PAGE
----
Discover Spain’s Balearic islands and find out which one is best for you.
The archipelago, consisting of 151 islands, about 100 miles off the coast of Spain is mostly known as The Place to Party in the Mediterranean for young Europeans. But outside of the main resorts there’s plenty to do for everyone else too.
Best known by us Brits as a great place to lie in the sun all day and then party till dawn, the Balearic Islands have so much more to offer. The temperate Mediterranean climate means they’re rarely too hot or too cold and when you step away from the mega-resorts you’ll find beautiful landscapes to explore and great cuisine to keep you satisfied.
The origin of the name Balearic Islands is unclear but the best theory is that it means ‘people skilled at throwing rocks’ – a handy way of warding off undesirables when you live on a small rocky island! Nowadays, visitors are welcomed with open arms with typical Catalan hospitality.
Talking of Catalan, one thing you’ll notice if you’ve picked up a little Spanish along the way is that The Balearic Islands’ main language is Catalan. For most people, this isn’t a problem – they speak Catalan, Spanish and, in the resorts, most major European languages – but it can cause confusion when, say, you’re looking for Ibiza Town and the signs are pointing to ‘Eivissa’.
The cuisine in the Balearics is also notably Catalan-influenced. Rich vegetable stews like Tombet – similar to ratatouille – are complemented with roasted lamb or pig and delicious breads. As you might expect from an island, seafood is the order of the day and you’ll find Caldereta (lobster stew), salted cod, garlic prawns and baked fish such as grouper on most menus.
You’ll also find tapas bars in the Balearic Islands and this is a great way to sample small bites of the local produce. Sobrassada is a chorizo-like sausage that’s soft and spreadable due to the climate. Maó cheese (Maó is the Catalan name for Mahón – the capital of Menorca) is also a delight, coming in an aged variety which is similar to Italian hard cheeses or a young, softer variety with a creamier taste and texture.
In terms of alcohol, the islands are known for some decent red wines, made in the Binissalem and Plà i Llevant areas and also a type of gin made from wine spirit rather than grain spirit leading to an interesting taste. This is usually mixed with lemonade or bitter lemon to produce a drink called Pomada.
Which Balearic island should I visit?
Of the 151 islands that make up the archipelago known as the Balearic Islands, only 4 are really inhabited – Mallorca, Menorca, Ibiza and Formentera – with Cabrera a declared Maritime-Terrestrial National Park, with a staff but no permanent population.
Formentera is the smallest – less than a quarter of the size of the Isle of Wight – and has very little to talk about. Often in the past it’s served as a hippie retreat due to its unspoilt nature and the fact that most beaches allow nudity. Joni Mitchell wrote an album on the island and Bob Dylan once lived in the lighthouse.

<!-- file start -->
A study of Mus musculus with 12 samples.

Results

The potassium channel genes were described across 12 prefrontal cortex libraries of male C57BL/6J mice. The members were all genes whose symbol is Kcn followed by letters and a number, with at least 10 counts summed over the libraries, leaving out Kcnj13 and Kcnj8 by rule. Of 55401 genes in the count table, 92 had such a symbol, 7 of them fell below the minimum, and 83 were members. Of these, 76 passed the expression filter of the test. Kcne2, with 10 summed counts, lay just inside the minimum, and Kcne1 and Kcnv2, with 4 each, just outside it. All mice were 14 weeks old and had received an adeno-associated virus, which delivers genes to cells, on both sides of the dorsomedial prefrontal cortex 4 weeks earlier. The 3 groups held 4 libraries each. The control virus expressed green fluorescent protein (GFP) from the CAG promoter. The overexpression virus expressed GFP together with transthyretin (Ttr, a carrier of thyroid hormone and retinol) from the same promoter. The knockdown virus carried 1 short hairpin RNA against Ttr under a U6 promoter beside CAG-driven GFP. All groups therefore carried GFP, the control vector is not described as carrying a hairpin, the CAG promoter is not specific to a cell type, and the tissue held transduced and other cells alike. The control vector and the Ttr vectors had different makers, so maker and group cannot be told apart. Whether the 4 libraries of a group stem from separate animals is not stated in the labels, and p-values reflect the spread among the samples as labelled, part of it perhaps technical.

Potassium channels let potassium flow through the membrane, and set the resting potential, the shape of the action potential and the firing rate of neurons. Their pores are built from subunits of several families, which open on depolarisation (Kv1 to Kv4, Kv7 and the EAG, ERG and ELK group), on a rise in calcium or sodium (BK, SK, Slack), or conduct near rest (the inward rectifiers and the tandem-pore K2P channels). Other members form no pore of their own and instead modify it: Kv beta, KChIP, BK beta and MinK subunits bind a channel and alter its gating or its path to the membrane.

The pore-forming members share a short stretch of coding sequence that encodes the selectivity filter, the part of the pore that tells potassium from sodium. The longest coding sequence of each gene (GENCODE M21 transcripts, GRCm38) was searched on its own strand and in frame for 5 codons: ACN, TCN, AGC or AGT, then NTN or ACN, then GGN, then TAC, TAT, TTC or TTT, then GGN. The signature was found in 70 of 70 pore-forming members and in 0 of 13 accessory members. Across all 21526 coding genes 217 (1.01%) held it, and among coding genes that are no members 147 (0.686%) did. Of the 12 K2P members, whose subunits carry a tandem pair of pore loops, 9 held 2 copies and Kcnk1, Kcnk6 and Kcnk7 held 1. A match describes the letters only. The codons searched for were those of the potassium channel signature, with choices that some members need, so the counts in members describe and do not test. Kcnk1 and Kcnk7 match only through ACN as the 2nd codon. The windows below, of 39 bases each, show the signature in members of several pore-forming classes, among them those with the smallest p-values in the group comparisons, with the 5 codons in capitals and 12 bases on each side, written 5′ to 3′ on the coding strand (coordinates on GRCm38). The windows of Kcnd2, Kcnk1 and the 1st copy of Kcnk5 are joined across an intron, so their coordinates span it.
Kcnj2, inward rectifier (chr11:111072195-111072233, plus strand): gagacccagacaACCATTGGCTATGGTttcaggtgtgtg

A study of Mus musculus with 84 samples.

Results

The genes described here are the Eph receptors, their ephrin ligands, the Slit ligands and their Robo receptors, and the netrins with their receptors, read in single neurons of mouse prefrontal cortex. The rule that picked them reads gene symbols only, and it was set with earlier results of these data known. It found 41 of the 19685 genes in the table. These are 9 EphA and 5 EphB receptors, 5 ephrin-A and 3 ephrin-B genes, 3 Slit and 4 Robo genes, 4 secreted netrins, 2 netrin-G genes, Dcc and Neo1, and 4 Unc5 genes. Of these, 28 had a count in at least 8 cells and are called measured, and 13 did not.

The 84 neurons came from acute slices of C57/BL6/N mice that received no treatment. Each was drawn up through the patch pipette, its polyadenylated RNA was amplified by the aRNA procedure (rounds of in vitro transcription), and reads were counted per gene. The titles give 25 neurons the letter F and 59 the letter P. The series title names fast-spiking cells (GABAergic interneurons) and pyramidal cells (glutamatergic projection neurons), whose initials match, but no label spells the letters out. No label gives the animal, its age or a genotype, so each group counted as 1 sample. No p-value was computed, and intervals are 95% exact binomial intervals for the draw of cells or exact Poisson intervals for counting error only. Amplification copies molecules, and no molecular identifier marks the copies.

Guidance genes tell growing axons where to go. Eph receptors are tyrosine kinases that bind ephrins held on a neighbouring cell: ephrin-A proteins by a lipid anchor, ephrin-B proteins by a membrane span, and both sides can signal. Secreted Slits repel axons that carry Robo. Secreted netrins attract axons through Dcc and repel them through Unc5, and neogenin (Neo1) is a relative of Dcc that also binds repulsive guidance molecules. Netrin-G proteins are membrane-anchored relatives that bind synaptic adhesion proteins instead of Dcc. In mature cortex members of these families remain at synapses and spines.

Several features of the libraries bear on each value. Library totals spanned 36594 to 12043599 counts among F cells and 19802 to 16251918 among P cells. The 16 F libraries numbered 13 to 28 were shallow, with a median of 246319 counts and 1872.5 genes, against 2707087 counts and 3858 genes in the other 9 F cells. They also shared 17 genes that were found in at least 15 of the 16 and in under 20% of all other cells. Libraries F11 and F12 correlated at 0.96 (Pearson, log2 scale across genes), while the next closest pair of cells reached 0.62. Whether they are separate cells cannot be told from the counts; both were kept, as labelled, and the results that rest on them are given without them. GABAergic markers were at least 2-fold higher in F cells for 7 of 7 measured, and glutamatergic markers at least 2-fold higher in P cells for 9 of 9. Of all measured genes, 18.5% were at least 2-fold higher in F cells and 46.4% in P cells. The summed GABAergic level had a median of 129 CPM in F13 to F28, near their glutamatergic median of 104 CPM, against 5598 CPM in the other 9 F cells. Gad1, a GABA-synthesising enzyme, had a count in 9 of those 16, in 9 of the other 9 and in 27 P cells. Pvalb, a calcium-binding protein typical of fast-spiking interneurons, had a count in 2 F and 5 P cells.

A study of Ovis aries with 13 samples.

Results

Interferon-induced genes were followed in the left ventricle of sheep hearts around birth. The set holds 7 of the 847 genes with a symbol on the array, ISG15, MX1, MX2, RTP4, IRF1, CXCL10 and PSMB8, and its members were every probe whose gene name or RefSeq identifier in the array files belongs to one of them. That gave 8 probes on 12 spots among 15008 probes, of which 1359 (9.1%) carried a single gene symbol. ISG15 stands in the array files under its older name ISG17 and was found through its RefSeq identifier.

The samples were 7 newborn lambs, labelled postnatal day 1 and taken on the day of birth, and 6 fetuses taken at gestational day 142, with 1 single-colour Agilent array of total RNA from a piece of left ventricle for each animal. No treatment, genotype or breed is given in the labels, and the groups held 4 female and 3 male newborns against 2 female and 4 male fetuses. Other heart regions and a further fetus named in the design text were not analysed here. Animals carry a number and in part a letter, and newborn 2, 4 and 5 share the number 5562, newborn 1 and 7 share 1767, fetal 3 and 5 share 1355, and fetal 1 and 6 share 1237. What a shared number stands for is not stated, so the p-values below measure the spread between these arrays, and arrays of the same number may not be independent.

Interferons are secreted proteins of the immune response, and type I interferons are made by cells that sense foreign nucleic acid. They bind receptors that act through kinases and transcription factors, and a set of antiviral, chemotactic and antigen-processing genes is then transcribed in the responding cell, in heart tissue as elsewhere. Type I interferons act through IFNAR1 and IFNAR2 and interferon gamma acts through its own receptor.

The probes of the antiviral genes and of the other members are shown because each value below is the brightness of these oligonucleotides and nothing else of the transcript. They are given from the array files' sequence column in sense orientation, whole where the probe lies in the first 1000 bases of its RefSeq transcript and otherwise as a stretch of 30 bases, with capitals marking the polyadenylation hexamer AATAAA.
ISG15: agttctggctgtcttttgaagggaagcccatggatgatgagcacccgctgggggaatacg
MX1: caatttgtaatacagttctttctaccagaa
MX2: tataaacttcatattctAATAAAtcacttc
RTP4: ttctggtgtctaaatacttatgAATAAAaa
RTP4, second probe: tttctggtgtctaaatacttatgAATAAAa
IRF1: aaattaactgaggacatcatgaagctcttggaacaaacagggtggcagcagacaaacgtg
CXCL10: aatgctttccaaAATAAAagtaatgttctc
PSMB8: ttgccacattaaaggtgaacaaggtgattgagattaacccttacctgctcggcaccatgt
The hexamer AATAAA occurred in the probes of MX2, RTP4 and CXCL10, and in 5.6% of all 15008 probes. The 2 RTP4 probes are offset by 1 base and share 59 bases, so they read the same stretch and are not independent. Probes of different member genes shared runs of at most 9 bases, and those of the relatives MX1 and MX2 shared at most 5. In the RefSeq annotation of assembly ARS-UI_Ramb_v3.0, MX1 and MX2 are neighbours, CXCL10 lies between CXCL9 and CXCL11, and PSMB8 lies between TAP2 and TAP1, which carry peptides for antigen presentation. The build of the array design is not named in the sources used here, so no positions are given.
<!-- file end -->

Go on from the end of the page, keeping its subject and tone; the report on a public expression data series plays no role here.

With a name literally meaning ‘the larger one’, it’s no surprise that Mallorca, or Majorca, is the largest of the Balearic Islands and home to the islands’ only real city, Palma. Mallorca receives about two thirds of the Balearic Islands’ 13 million annual visitors. The island is most famous, or perhaps infamous, for the mega-resort of Magaluf where the majority of young British tourists go for the vast quantities of cheap alcohol.
But Mallorca is about much more than teenage excesses. The Serra de Tramuntana is a gorgeous mountain range that’s worth exploring either on foot or by bike. Elsewhere there’s a full range of sights to see and sports to play for people who want more than a few hangovers to remember their holiday by.
‘The smaller one’, Menorca is a much more sedate place for holidaying. Home to a large number of megalithic stone monuments as well as a stunning array of wild flowers and birds, Menorca offers something vastly different from the resorts of Mallorca. The island is also home to most of the wine and gin production as well as the home of Maó cheese.
The smallest of the three main islands, Ibiza is known throughout the world for its club scene, centred around Ibiza Town (Eivissa) in the South and Sant Antoni in the West of the Island. Instrumental in the development of electronic dance music, the clubs are open past dawn and allow hedonistic partying in the presence of some of the world’s foremost DJs.
Away from the clubs, large parts of the island are UNESCO World Heritage areas and offer some stunning scenery for sightseers and people who prefer their holiday a little less…dancey!
Travel between the islands
Thanks to frequent ferry services, you don’t need to restrict yourself to one island. The two main operators, Balearia and Trasmediterranea operate mainly between the three main islands whereas there are more operators offering the short hop between Ibiza and Formentera.
If you do fancy island hopping, Mallorca is the best place to base yourself as, for example, if you want to go from Ibiza to Menorca then you’ll have to go via Mallorca anyway. You’re best to book in advance during the summer as crossings can be busy.
The three main islands all have airports and flights between them and again Mallorca is the hub so flying from Ibiza to Menorca may involve a change in Palma, especially outside of the main summer season.